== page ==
Spurred by successive accounting scandals in which both Fannie and Freddie overstated earnings, legislators embarked on ultimately unsuccessful attempts to tighten regulation on the government-sponsored enterprises. In 2003, the Bush administration proposed to create two agencies to take over supervision of both Freddie and Fannie.

Republican senators backed the idea. The chief advocates in the Senate were Chuck Hagel, Republican of Nebraska, backed by presidential candidate John McCain, Republican of Arizona, Elizabeth Dole, Republican of North Carolina, John Sununu, Republican of New Hampshire, and Richard Shelby, Republican of Alabama. Senator Jon Corzine, Democrat of New Jersey, introduced related but separate legislation. Both bills failed.

The article also includes a slideshow of the so-called “enablers” and donations made to them by Fannie Mae and Freddie Mac’s political action committees and various affiliates. Barack Obama doesn’t make the slideshow, but last night, during the presidential debate, he was criticized for taking money (a lot) from the mortgage giants. Here, USA Today documents the mud-slinging:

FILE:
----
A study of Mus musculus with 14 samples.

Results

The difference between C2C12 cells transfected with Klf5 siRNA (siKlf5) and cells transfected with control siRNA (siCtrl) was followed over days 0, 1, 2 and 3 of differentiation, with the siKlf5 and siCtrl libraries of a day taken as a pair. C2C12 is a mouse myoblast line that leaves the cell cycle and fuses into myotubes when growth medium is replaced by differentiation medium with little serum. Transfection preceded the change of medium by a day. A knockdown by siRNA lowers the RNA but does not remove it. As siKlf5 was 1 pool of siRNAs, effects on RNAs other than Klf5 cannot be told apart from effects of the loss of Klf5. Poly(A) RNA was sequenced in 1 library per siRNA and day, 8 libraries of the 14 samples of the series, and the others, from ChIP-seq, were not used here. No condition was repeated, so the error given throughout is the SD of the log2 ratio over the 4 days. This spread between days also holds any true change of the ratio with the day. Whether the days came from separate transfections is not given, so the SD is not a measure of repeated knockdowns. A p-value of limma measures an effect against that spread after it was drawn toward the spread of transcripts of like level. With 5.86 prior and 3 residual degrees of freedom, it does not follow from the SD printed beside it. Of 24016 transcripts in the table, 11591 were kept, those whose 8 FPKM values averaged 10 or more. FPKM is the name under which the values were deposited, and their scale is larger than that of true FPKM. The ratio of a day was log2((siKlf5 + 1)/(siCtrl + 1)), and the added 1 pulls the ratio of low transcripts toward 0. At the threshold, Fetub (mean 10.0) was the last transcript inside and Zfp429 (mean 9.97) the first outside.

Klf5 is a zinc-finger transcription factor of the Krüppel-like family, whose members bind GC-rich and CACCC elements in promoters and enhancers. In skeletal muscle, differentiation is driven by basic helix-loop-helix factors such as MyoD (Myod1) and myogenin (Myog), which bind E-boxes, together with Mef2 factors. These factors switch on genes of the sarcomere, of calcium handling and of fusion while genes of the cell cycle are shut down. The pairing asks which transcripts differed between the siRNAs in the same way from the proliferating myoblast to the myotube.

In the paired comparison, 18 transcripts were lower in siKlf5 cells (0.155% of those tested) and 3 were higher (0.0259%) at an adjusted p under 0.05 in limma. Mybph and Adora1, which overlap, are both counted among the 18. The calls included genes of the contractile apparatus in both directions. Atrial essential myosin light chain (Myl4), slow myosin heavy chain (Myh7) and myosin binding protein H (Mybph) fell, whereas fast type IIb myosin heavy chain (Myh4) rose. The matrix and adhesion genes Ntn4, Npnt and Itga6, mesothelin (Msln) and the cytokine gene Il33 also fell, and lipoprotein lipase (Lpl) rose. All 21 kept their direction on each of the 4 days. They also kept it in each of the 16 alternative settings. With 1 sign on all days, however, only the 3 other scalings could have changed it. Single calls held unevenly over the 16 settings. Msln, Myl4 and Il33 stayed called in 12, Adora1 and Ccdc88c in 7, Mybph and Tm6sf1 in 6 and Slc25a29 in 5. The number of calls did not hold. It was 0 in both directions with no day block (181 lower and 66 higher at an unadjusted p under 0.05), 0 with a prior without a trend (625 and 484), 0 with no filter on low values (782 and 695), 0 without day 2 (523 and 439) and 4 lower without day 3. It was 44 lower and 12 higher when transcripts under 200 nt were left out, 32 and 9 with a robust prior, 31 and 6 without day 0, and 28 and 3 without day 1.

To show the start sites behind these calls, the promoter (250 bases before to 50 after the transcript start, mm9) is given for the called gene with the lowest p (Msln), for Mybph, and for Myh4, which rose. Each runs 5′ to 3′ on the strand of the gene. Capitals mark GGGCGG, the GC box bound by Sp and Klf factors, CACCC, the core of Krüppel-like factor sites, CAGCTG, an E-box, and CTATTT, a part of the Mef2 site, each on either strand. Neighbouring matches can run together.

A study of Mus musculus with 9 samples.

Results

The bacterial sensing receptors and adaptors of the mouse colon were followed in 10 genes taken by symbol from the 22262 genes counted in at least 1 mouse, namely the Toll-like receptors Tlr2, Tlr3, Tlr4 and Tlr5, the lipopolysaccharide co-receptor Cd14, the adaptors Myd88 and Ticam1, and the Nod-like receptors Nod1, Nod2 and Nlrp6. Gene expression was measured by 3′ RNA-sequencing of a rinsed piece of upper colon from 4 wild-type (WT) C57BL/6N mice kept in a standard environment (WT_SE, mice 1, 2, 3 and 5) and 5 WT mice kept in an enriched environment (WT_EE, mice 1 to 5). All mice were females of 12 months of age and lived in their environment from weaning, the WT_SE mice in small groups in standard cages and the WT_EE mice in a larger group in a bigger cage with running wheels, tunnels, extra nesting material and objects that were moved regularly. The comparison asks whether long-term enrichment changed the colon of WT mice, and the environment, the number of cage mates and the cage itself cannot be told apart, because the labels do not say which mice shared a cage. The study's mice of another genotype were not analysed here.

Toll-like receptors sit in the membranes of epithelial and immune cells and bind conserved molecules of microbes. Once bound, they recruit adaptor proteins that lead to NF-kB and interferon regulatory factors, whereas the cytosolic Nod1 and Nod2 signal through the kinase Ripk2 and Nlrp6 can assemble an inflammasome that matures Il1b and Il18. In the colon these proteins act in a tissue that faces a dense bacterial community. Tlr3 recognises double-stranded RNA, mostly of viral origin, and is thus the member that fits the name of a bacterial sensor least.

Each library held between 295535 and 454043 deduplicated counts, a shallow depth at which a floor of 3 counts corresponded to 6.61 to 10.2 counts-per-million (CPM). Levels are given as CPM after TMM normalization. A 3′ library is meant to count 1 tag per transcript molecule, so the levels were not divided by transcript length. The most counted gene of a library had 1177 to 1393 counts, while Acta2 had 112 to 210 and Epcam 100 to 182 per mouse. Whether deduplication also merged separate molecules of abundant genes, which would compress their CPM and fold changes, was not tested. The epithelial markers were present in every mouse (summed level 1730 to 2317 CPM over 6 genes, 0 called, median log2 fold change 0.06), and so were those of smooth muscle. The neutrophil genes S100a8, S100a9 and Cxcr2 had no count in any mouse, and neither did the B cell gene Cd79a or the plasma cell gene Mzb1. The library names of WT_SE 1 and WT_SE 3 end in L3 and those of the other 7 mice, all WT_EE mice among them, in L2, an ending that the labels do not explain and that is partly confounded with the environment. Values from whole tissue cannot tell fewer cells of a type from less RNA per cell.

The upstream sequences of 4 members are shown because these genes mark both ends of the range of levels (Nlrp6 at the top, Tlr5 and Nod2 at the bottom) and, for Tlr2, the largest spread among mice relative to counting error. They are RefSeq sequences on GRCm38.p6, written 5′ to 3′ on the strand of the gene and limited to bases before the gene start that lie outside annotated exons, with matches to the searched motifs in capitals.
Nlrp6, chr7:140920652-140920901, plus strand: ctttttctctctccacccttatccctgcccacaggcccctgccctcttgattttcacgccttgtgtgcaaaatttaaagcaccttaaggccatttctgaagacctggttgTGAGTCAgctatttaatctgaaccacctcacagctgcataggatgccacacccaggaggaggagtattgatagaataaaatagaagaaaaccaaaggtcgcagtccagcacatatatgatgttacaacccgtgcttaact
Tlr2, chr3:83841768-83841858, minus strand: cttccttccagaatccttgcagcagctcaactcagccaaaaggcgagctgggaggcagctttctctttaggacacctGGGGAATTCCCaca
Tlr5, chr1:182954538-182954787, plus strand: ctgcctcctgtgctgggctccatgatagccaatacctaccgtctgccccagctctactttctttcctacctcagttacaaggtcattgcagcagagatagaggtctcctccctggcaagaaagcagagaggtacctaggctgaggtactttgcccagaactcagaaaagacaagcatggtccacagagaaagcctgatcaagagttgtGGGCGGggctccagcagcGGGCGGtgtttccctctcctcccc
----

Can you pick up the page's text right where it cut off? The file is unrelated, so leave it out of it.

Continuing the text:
“With the encouragement of Sen. Obama and his cronies,” McCain said, government-sponsored mortgage companies Fannie Mae and Freddie Mac were key drivers of the financial crisis — “the match that started this forest fire.” McCain said Obama is the second-highest recipient “in history” of campaign contributions from employees of those entities in the Congress.

But, USA Todayalso follows up with this fact-checking:

Obama has received $126,349 in contributions from Fannie and Freddie employees and political action committees…That’s second in Congress only to Democratic Sen. Chris Dodd of Connecticut, who chairs the banking committee. McCain has received $21,550.

The McCain campaign has produced no evidence, however, that Obama did favors for the corporations.